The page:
Romans 12:9-13 “Don’t just pretend to love others. Really love them. Hate what is wrong. Hold tightly to what is good. Love each other with genuine affection, and take delight in honoring each other. Never be lazy, but work hard and serve the Lord enthusiastically. Rejoice in our confident hope. Be patient in trouble, and keep on praying. When God’s people are in need, be ready to help them. Always be eager to practice hospitality.”
My job at age nine was to walk down the block to Steven’s house, talk to his mother, get any special instructions, usually a recitation of safety warnings, a repetition of the week before, walk with Steven to the schoolyard within the same block, push him on the swings, bring Steven home and report to his mother how the excursion went, get paid seventy-five cents. I enjoyed it. Steven was pleasant and it gave his mother, a nurse, a well-deserved break. Steven required constant care because of his mental disability. I don’t know exactly what it was. The label, I mean. I just know that he was my age, but not attending school with me.
I walked him to the schoolyard, to the swings, like I had every week before. Steven was excited to swing. He loved to swing. And, so did I. So, I would push him over and over again, and sometimes join him on the adjacent swing, trying to teach him to stretch his legs, reach for the sky, and pump, pump your legs to keep going.
Steven could pump his legs once or twice but then he would lose track and need pushing again.
It was fun. Easy. I understood the significant responsibility I was undertaking given the somber repeated instructions each time. Watch for cars, take your time, do not rush, do not lose track of time, return home at the end of the hour. Do not divert your course, same path, same swings, same pattern.
We were swinging when they approached, blocking the sunlight with the height of the taller boys, I placed my hand against my forehead to see them better as the rays of sunlight surrounded them. Ha, ha, they laughed at Steven. Retard. Retard, they said. Mocking him, laughing. They smiled ominous wry smiles at him. And he laughed. Steven laughed. Which made them laugh louder. Which made Steven laugh louder.
Steven swinging, them laughing, mocking him, repeating his sentences, disjointed phrases really- a bird, look over there, a place, hear that, a plane, I think, a plane. Yes, Steven, a plane. See it, over there. A plane, you were right. Them repeating and laughing, meanly.
Me, trying to ignore, trying to continue our playdate. That was Steven’s perspective. Me, a friend, taking him to the swings to play. To his mother, a respite, a babysitter for one hour.
They stood menacingly, commenting to themselves, to each other, about the retard and perhaps, his retard friend. I ignored them. My face flushed. I pushed him on the swing, focused, trying to think what to do, how to proceed, going over the instructions, nothing relevant coming to mind.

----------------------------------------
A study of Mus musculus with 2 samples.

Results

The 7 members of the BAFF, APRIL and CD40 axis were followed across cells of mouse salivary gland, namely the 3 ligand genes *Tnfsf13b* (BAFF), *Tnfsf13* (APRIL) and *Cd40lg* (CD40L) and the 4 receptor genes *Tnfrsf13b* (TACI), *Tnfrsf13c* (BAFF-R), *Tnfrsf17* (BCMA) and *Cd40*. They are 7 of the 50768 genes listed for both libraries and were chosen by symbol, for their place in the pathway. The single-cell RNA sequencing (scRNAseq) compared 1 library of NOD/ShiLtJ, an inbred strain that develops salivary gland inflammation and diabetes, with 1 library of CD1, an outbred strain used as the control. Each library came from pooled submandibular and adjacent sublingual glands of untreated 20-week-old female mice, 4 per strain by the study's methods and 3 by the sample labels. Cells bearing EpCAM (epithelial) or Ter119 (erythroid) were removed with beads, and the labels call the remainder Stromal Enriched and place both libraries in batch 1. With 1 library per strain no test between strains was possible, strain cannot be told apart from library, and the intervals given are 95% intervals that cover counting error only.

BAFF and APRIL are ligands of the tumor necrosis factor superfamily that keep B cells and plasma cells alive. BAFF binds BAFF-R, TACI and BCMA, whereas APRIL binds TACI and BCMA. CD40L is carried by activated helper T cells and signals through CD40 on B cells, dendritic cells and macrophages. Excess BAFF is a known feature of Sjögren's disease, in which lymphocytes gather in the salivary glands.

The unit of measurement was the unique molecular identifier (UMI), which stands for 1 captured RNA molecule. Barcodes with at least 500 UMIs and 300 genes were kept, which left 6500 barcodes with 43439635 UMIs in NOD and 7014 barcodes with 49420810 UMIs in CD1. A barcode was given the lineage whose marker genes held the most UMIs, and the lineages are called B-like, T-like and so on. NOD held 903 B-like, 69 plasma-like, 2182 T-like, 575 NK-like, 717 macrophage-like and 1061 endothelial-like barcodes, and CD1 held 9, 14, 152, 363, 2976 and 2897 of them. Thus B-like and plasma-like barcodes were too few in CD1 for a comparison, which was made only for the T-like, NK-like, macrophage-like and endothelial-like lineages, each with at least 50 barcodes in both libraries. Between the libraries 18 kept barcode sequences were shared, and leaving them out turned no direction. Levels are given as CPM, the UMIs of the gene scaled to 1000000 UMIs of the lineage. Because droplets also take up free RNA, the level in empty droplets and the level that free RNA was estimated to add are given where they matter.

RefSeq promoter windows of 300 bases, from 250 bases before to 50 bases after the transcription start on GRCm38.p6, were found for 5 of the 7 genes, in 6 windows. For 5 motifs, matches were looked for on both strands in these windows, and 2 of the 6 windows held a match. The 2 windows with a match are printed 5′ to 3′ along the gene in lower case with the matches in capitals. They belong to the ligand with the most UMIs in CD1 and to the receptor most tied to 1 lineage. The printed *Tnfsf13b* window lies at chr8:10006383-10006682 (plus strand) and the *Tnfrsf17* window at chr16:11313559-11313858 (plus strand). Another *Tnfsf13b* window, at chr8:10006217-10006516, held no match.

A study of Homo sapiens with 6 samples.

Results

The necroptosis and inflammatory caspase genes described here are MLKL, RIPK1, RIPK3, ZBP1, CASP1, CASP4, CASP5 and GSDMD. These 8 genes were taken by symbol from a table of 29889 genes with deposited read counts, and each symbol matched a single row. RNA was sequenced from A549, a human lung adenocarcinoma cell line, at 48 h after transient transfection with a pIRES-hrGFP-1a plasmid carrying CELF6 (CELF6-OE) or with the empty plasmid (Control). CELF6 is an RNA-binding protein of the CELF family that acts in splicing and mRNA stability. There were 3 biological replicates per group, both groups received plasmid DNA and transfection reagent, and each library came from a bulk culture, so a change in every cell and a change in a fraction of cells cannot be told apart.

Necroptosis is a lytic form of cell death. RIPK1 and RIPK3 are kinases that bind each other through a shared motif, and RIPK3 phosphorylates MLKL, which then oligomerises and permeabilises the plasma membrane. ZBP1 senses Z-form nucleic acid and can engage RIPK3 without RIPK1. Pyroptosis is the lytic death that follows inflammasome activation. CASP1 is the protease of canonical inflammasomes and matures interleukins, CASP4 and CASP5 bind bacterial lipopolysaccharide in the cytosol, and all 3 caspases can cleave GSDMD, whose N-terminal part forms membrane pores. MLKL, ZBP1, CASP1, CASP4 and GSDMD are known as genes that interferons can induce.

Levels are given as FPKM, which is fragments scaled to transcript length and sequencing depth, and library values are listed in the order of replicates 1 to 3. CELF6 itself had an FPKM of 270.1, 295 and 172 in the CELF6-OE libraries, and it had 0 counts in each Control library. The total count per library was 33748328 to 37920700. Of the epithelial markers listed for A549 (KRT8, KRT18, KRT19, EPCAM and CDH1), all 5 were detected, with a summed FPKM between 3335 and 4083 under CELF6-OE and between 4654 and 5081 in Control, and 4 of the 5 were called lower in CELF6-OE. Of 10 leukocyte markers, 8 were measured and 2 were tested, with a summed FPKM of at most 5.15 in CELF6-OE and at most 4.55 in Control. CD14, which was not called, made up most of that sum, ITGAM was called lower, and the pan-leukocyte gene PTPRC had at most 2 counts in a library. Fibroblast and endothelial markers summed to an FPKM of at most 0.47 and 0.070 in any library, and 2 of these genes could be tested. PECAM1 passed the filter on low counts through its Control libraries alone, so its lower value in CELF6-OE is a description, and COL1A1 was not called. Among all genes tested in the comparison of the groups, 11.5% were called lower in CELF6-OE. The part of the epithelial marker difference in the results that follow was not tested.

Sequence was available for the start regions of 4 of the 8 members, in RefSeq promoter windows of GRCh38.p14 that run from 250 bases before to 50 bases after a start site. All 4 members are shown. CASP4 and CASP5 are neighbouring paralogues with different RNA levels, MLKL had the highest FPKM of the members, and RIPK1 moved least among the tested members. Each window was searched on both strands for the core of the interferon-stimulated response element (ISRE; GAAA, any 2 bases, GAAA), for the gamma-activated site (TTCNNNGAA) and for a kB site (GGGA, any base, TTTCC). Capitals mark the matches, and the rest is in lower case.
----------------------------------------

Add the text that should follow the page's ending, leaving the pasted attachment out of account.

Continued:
They smiled and mocked, and laughed loudly, brazenly, and Steven laughed, great big, belly laughs along with them. New friends. New friends joining him at the swings to play. How great was that?! Incredible. The best day ever. A great day. A fun day of playing with many, many friends, bigger boys, big boys like him, even older than him.
The more they laughed, the more Steven laughed. The more menacing and intimidated I felt the situation was becoming, the more Steven was enjoying himself. It was a sad, sad moment for me to witness such mean behavior and such pure innocent joy. Friendship, belonging. Mockery, belittling. All the same, just different perspectives. And, I was ashamed and embarrassed at who we are and who we can be and in awe that Steven could be who he was. And, I wished I was blind like Steven. And, that good hearted, that pure, that untainted, unable to be tainted. How blessed was he, how uncomfortable was I. These older boys making me cringe and recoil, ignore, unnerved. I did not know what to say or what to do and I felt angry and frustrated that I did not know how to defend Steven. Or what that would even look like to hi m if I were capable of dissuading, chasing off his new friends.
We walked the short walk home. I relayed the events to his mother. I left her looking much older than she looked when I picked Steven up. She did not want Steven to go anymore. Perhaps because I didn’t do the right thing? What was the right thing? Letting Steven know they were mean and not friends, telling them to stop as Steven applauded with joy?
Steven was so much more than I would ever be. I knew that. Because I could see the ugliness in the world and he could not. My heart and mind will become hardened by the blackness and I will spend my lifetime fighting to regain that innocence and purity that he will hold without effort forever.
Retarded? Yes, retarded in any comprehension of the hated that no person should ever endure. Blessed? Yes, that he embraced them in laughter and joy and only had a comprehension for love and interpreting their actions as loving. If only we could all be so blessed and so retarded.
I am sad when I think about that day. Sad for me, not for him. Sad for all of us that do not view the world as he views it. And, I am blessed for knowing people like Steven, who renew my vision and wear God and love as a cloak, every single day. Steven, who only knows good, and for whom God is ever present and effortless; love, as pure, not qualified; and friendship, as the potential in everyone he meets. Much love to you, Steven. My playdate. My friend.
Hate what is wrong. Love all that is good. Hold to faith, look to hope, practice love.
James 1:27 Religion that God our Father accepts as pure and faultless is this: to look after orphans and widows in their distress and to keep oneself from being polluted by the world.